ResearchI am a post-doctoral researcher within the systems and modeling research unit of the Montefiore Institute. I work on the GREDOR project funded by the Walloon Region, in the team of Prof. Damien Ernst. This project consists in rethinking the Walloon electrical distribution networks, because of the challenges originating from the increase of distributed and renewable capacity and the evolution of consumers behavior.
More generally, my research interests are in the optimization of electrical power systems. I am particularly interested in electricity generation planning, electricity markets, network operational planning and demand side management. Well, everything that can be cast to a sequential decision making problem under uncertainty and solved with techniques from Mixed Integer Programming, Stochastic Programming, and Machine Learning.
I received my electrical engineering degree in 2006 at the university of Liège. I completed my Ph.D. in 2010 in the systems and modeling research unit of the department of Electrical Engineering and Computer Science under the supervision of Prof. Louis Wehenkel.
I worked for a little more than two years as a consultant and software developer for n-Side. I have contributed to the research and development of the algorithm for coupling the European day-ahead electricity markets.
- Active network management: planning under uncertainty for exploiting load modulation. Quentin Gemine, Efthymios Karangelos, Damien Ernst, Bertrand Cornélusse. 2013 IREP Symposium-Bulk Power System Dynamics and Control -IX (IREP).
- Tree based ensemble models regularization by convex optimization. Bertrand Cornélusse, Pierre Geurts and Louis Wehenkel. 2nd NIPS Workshop on Optimization for Machine Learning, Whistler, Canada, 2009. [Video, Slides, bibtex]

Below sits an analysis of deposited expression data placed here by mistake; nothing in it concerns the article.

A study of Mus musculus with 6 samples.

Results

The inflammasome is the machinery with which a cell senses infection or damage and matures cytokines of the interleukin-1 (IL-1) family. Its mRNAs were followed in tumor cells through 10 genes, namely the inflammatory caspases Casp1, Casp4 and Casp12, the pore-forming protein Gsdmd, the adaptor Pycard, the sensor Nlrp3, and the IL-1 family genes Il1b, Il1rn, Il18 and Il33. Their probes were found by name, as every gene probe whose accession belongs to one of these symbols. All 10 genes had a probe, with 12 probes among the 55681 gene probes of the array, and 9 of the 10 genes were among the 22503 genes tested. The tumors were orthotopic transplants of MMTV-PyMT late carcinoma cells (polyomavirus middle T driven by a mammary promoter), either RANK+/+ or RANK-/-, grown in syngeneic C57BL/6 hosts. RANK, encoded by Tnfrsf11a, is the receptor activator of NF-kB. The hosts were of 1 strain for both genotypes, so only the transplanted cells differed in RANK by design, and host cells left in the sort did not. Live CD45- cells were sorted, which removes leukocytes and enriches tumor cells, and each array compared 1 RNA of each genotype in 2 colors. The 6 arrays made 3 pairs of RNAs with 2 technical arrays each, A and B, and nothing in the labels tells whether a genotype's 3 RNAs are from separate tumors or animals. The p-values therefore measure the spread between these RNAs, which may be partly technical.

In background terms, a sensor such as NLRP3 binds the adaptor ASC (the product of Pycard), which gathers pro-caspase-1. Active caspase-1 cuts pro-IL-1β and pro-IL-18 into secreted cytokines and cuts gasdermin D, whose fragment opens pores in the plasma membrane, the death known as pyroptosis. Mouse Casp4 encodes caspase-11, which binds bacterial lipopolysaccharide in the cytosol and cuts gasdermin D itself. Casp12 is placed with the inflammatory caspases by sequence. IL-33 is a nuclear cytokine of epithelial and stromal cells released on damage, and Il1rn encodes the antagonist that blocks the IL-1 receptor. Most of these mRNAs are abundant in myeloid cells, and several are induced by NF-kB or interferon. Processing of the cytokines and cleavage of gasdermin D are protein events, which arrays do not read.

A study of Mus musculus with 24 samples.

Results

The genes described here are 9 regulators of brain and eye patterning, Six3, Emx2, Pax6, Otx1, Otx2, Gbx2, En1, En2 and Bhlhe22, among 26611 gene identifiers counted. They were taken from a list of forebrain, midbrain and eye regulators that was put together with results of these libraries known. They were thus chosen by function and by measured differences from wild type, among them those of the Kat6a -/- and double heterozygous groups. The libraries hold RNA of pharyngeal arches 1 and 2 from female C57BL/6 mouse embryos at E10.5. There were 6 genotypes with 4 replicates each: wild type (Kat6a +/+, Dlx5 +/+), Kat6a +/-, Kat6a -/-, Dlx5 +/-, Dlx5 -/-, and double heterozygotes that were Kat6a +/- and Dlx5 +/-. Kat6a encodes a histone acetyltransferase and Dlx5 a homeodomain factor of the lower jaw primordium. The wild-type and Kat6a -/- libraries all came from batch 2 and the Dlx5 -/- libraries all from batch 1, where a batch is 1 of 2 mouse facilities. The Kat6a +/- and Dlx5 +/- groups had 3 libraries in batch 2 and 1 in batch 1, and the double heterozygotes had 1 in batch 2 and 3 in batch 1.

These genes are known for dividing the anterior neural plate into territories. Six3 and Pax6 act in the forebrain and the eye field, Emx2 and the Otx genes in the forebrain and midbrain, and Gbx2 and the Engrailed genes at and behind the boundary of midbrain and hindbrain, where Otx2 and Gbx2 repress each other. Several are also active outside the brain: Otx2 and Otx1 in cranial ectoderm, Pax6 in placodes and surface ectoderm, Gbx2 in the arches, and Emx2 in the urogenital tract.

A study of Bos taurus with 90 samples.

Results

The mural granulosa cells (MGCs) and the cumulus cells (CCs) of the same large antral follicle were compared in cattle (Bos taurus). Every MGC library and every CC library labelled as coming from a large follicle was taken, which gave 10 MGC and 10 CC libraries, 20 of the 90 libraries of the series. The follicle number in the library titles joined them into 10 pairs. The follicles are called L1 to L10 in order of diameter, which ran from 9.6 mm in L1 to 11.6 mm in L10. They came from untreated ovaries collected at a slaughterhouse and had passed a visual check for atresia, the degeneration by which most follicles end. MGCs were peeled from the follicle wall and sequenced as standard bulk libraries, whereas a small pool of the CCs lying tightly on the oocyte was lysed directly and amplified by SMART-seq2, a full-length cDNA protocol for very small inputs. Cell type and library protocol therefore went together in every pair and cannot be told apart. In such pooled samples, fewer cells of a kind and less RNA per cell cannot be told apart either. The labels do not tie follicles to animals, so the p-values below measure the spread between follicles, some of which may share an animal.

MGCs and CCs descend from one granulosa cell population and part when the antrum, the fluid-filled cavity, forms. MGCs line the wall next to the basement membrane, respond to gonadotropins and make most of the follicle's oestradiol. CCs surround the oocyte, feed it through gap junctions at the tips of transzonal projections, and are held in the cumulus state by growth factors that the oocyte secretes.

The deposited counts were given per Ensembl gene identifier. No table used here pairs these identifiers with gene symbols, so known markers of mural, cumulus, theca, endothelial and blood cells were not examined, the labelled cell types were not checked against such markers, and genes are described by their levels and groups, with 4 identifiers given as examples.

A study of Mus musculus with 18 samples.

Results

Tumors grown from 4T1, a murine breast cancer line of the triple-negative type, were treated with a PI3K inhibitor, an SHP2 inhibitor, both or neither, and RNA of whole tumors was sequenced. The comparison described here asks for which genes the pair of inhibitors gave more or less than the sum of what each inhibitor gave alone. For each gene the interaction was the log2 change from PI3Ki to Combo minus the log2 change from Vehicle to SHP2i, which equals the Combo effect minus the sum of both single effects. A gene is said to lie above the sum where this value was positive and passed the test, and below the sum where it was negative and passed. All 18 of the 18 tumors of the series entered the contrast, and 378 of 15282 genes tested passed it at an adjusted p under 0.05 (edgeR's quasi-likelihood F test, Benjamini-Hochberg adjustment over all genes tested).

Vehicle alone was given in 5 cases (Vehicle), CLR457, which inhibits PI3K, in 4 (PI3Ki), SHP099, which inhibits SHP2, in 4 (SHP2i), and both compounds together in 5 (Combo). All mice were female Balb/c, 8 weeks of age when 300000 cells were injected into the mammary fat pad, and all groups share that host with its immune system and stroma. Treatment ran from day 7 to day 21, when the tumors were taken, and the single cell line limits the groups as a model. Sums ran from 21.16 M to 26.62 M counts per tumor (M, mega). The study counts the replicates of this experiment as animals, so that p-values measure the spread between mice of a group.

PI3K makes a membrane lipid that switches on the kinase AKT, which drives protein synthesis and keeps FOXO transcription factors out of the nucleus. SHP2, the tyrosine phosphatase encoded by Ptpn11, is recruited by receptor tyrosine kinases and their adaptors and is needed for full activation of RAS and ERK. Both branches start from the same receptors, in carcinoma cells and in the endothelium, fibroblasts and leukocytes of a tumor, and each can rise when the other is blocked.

- Supervised learning of intra-daily recourse strategies for generation management under uncertainties. Bertrand Cornélusse, Gérald Vignal, Boris Defourny and Louis Wehenkel. Proc. IEEE Power Tech Conference, Bucharest, July 2009. [bibtex]
- Automatic learning for the classification of primary frequency control behaviour. Bertrand Cornélusse, Claude Wera and Louis Wehenkel. Proc. IEEE Power Tech Conference, Lausanne, July 2007. [bibtex]
My work consisted in devising a new method for solving the online unit commitment problem. In the unit commitment problem, the operator of a set of electrical power plants has to decide which plants must be started or stopped and how to set their generation levels in order to satisfy some load and reserve requirements, for a certain time horizon. This is thus a sequential decision making problem which can be further qualified of stochastic, given the numerous sources of uncertainty that affect it (uncertain load, plant outages,...). The classical approach is to formulate the problem as a Mixed Integer Program, sometimes with an explicit treatment of uncertainty, and to solve it in day-ahead. Then in intra-day the problem is periodically solved with updated information about the exogenous variables, in order to take some recourse actions. For some practical reasons (e.g. the solution time of the algorithm used in day ahead may be very variable), it is desirable to have a method that always quickly provides a good approximation of the recourse actions. In this thesis I investigated the use of machine learning methods for computing offline some recourse policies that can be used to have a fast response in an online setting. This opened many interesting questions, such a how to formulate the learning problem, how to learn a policy that always yields feasible recourses, what is the performance of the learning algorithm, how to take advantage of the prior knowledge of the system in the learning algorithms, what is the relationship with stochastic programming,... Although the computational complexity of the unit commitment problem is large, there is some kind of regularity in the solution space that some supervised learning algorithms were able to identify quite efficiently.